We aged when we aged. And our skin aged along with us. Thank God I was already in my fifties when ads started talking of the ‘seven signs of aging’, which they assured us had to be taken care of in our twenties! Scary if invaluable information! Whoever knew, before these ads?
In spite (or because?) of such life-changing information, ads are not a place where I look to learn from or improve my vocabulary. But a few weeks ago, I saw these large ads for a company which seems to focus on pomegranate-related products (that seems a pretty narrow specialization!). And I saw the word ‘aril’ splashed around. Truthfully, I had never heard this word before. Since the ads talked about jams and syrups and squashes, I thought ‘aril’ was some kind of a product made from the fruit, maybe an exotic kind of pastry.
When I looked up Merriam Webster, I found it defines aril as: ‘an exterior covering or appendage of some seeds (as of the yew) that develops after fertilization as an outgrowth from the ovule stalk.’ In other words, in the context of pomegranates, it seems it means those red pearls I have always called the seeds.
I decided then not to be so cynical, and to try to think of other things I had learnt or should learn from ads.
The business of KDM is surely one of those! Akshaya Tritiya (actually, this festival itself is one I learnt of from ads!!!) seems an appropriate day to share this learning!
In the thousands of jewellery ads we see around us, I have for a few years now, come across the term ‘KDM’ as a major boast and differentiator. Now, as a good Tam, I know about carats—basically that South Indian jewellery is more noble in that our gold is of higher carat! But that is where my knowledge stopped.
After the ‘aril’ experience, I tried to look up KDM (on the web of course). Most sites are very confusing, but at last I think I have it figured out with the help of this site: https://artofgold.in/what-do-hallmark-916-kdm-jewellery-mean/2015/5199, and I quote:
‘The basic process in jewellery crafting is soldering a myriad of intricate gold parts. Without soldering, there is hardly any jewel that can be done. Needless to say this solder should have a melting temperature lower than that of gold, so just the solder melts and joins gold pieces without affecting the gold parts. Earlier this solder was a combination of Gold & Copper. Though there was no particular ratio for this solder, generally it was about 60% gold + 40% copper. Since this alloy was very strong and also easy to make, it was widely used in jewellery making for a long time. But the downside to this solder is that, purity of the solder is only 60%. So when this jewel is melted, quality will be less than 22 carat. This is the reason your old jewels may carry a seal of 22/20 (20 carat represents the melting purity).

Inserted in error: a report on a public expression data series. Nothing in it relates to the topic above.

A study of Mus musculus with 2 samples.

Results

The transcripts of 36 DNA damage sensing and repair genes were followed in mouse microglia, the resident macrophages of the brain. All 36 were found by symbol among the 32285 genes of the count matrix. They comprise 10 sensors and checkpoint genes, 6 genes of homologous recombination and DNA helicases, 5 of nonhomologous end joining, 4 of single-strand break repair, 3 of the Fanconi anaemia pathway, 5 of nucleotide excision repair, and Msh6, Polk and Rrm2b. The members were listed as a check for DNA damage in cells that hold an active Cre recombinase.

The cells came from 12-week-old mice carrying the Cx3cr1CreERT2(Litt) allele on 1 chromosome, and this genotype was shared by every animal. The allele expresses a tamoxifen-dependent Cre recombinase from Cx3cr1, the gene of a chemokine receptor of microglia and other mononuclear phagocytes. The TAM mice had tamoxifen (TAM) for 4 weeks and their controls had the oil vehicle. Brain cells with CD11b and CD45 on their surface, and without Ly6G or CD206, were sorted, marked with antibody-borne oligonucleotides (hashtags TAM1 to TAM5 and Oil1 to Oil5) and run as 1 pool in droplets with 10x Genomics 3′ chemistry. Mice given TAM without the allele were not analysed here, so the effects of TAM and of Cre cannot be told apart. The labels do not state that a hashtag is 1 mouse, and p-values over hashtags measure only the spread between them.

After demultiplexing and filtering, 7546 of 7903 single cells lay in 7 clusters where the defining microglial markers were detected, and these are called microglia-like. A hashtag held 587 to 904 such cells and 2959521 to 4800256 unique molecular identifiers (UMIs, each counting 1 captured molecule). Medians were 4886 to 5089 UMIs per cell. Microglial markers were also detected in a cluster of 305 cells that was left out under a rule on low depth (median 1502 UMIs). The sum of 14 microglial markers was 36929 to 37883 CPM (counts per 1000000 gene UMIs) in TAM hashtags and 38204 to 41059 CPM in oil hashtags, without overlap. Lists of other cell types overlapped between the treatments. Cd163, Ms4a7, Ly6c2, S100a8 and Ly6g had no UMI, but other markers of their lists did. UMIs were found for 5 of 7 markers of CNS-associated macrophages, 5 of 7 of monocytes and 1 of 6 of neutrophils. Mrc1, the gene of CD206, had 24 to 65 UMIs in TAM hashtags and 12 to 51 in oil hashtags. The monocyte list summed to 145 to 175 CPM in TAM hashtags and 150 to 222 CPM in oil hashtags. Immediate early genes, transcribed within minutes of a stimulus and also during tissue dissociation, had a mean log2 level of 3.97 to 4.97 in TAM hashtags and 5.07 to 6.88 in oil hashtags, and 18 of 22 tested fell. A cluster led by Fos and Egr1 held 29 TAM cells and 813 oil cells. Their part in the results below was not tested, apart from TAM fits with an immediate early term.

To overcome this problem and maintain a high standard of gold purity, cadmium began to be used in place of copper. The advantage being that unlike the traditional gold & copper solder, gold and cadmium can be mixed in a ratio of 92% + 8%. In other words the solder itself has a purity of 92%. This ensured the finesse of jewel remains constant regardless of the amount of solder used. Such jewellery using cadmium began to be widely known as KDM jewellery.
But shortly after the introduction of cadmium, it was banned by BIS as it was found to cause health issues for artisans working with it. After the ban, cadmium was replaced by advanced solders with Zinc and other metals. But the term “KDM” hung on and is still commonly used. So a KDM jewellery means it will have the same purity even when it is melted, as the solder itself has a purity of 92%.’
With my long forgotten Chemistry education, I could make sense of this! And truly educational it is.
Well, one lives and one learns. And most of all I learnt that one can learn unexpected things from unexpected places.